By       Message Herbert Calhoun     Permalink

Although this book was written in 1997, we can still see how prescient it was. The asymmetry, between the Republicans' "hope plus action," and now 15 years later, Obama's "hope without action," is so glaring that it screams at us from beneath this veil of empty mourning, singing, marching, camping out, praying and wishful thinking, to do something -- anything! And as quiet as it is kept, one of the most important allies of our adversaries' action program is to constantly encourage us (their adversaries) to do nothing: that is, but mourn, sing, pray, march and like good Christians are wont to do, call on God for more hope? And then when we have finished mourning, singing, praying, marching and hoping, they want us to do it again.   And, incredibly, we do? None of these discussants agree that that is a winning strategy, no matter how much hope we can muster.


Mr. Belafonte, who leads off this book of interviews, is one of my heroes; and whenever he speaks, I believe that the world must stop and listen. His wisdom and experience about this country run so deep and are so profound that they never miss the mark.   It is true as he says that today we have more blacks and minorities with titles who don't give a damn about the black or minority conditions than we have ever had before. I can name a few of them: Condoleeza Rice, Colin Powell, John Yoo, Linda Chavez, Clarence Thomas, Ed Perkins, Herman Cain, and Barack Obama -- as the ones that immediately come to mind. These people did not fight in the trenches of the Civil Rights movement, or for justice and equality, they just waited around, to help pick up the pieces, and pick them up they did.


Dr. West is another of my heroes. He is that rare mixture of existentialism and Christianity, a so-called self-described, Chekhovian Christian. As he did in this book, it is important for West to continue to allow the existentialist side of his being rise to the fore, and allow his Christian side to slowly recede further into the background. For he knows as well as any one, that hope -- whether Christian hope or existentialist hope -- is not a program. But rather than say that to us straight up, he sometimes finds himself mimicking Obama and pushing an empty and impotent framework made up of hope slogans, and then he tries to pawn that off on us like Obama does? Yet, in his own life, Dr. West is not waiting around for hope in the next dimension. In fact, his life is filled with profoundly committed existentialist action programs such as the Obsidian Society. Why then, like Obama, is he constantly selling these "wooden nickels" made of false hope, these "hope Wolf tickets," when what we really need is the same kind of committed confrontational action that he himself engages in?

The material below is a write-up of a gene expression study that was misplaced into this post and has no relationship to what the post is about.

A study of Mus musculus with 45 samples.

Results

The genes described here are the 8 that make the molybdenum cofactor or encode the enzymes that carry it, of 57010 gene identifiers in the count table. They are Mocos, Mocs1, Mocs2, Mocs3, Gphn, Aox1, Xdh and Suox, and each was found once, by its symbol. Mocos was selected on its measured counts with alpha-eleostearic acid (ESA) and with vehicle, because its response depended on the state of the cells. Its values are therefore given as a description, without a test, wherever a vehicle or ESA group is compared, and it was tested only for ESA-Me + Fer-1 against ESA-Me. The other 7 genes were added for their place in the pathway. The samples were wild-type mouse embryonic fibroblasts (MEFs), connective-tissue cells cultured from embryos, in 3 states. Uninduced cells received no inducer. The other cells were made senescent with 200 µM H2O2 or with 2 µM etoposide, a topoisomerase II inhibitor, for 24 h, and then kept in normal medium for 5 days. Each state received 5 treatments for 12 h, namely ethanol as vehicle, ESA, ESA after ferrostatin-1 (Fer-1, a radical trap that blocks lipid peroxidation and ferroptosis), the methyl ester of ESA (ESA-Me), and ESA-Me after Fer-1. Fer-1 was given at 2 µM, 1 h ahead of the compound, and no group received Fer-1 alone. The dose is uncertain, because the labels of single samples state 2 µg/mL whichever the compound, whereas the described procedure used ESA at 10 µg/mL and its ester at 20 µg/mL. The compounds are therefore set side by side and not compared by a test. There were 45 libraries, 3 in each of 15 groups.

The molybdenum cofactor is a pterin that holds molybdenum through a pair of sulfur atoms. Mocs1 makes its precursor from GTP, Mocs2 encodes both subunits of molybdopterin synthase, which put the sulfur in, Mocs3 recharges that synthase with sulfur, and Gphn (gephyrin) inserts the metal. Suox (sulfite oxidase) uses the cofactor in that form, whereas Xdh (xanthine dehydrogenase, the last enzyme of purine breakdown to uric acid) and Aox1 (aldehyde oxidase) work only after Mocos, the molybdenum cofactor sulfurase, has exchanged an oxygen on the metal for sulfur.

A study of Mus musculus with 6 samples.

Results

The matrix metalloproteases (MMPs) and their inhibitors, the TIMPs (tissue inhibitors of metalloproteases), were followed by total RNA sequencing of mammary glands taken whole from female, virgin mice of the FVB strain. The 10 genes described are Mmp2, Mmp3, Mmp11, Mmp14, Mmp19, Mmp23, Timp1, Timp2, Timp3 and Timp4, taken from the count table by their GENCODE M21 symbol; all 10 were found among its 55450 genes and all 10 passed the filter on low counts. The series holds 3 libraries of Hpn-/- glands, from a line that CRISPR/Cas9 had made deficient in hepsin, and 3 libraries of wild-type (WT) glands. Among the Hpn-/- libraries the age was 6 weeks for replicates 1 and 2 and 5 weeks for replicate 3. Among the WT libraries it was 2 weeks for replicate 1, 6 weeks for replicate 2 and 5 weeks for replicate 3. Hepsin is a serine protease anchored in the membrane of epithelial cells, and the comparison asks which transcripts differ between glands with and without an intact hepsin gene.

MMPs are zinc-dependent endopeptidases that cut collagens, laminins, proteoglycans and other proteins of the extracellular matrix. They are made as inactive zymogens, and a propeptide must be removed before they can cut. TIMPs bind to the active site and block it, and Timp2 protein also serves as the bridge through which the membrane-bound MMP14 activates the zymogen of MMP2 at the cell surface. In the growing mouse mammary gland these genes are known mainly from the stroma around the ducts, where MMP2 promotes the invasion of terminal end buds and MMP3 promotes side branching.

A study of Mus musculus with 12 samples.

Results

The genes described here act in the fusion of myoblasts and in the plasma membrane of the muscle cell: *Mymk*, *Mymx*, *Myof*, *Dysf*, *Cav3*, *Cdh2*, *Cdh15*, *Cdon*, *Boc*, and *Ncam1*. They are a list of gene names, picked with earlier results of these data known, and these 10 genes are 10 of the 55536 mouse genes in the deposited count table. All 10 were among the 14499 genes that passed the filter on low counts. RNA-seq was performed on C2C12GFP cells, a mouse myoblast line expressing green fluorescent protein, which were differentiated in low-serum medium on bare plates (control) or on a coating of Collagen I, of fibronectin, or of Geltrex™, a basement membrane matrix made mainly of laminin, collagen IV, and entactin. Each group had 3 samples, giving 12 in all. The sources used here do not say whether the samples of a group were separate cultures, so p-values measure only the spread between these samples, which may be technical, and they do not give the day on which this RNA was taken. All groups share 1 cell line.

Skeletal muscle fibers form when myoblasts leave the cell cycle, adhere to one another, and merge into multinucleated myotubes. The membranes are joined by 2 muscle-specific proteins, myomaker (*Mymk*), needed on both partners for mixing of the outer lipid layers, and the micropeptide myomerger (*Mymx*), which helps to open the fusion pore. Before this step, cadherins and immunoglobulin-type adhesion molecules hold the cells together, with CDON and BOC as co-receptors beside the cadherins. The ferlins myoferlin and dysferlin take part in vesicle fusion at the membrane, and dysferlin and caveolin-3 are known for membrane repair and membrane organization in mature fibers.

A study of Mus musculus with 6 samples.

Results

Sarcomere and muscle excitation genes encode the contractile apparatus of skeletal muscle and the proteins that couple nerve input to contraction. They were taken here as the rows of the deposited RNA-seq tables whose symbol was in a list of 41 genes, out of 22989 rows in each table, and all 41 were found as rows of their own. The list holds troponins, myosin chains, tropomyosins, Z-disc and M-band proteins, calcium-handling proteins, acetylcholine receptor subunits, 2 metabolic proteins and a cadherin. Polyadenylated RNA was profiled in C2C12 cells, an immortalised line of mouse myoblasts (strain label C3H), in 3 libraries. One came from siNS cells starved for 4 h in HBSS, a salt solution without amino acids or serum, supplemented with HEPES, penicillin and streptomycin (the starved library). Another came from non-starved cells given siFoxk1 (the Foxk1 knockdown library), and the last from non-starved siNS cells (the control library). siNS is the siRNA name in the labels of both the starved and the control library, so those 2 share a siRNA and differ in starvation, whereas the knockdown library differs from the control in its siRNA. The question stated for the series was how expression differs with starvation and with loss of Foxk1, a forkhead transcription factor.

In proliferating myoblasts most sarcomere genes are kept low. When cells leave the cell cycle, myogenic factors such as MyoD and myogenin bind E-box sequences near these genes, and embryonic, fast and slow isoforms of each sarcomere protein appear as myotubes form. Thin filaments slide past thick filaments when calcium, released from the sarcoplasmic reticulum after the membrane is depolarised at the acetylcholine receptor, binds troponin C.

Is action instead of hope not what Democracy was made for, and demands of us? Indeed, if hope were a program, then black people would already be "riding high" and way ahead of the game because despite all the despair in our communities described in this book, there are no more hopeful people on earth than American black people; no group of Americans more committed to the hope of a fair and just democracy than we black people.   We do not need to incessantly be encouraged to continue to be hopeful, it is a natural part of our DNA, how else could we have survived this racist continent for 400 years without it? Why then are so many people, Dr. West included, still singing the "Obama hope song" and advocating more and more hope instead of what we really need, which is more and more committed (and where necessary) confrontational action? We need to be able to do in the streets what the Republicans are able to do in the back rooms off of Wall Street. We need more actions forcing politicians to respond to our concerns, including Mr. Obama?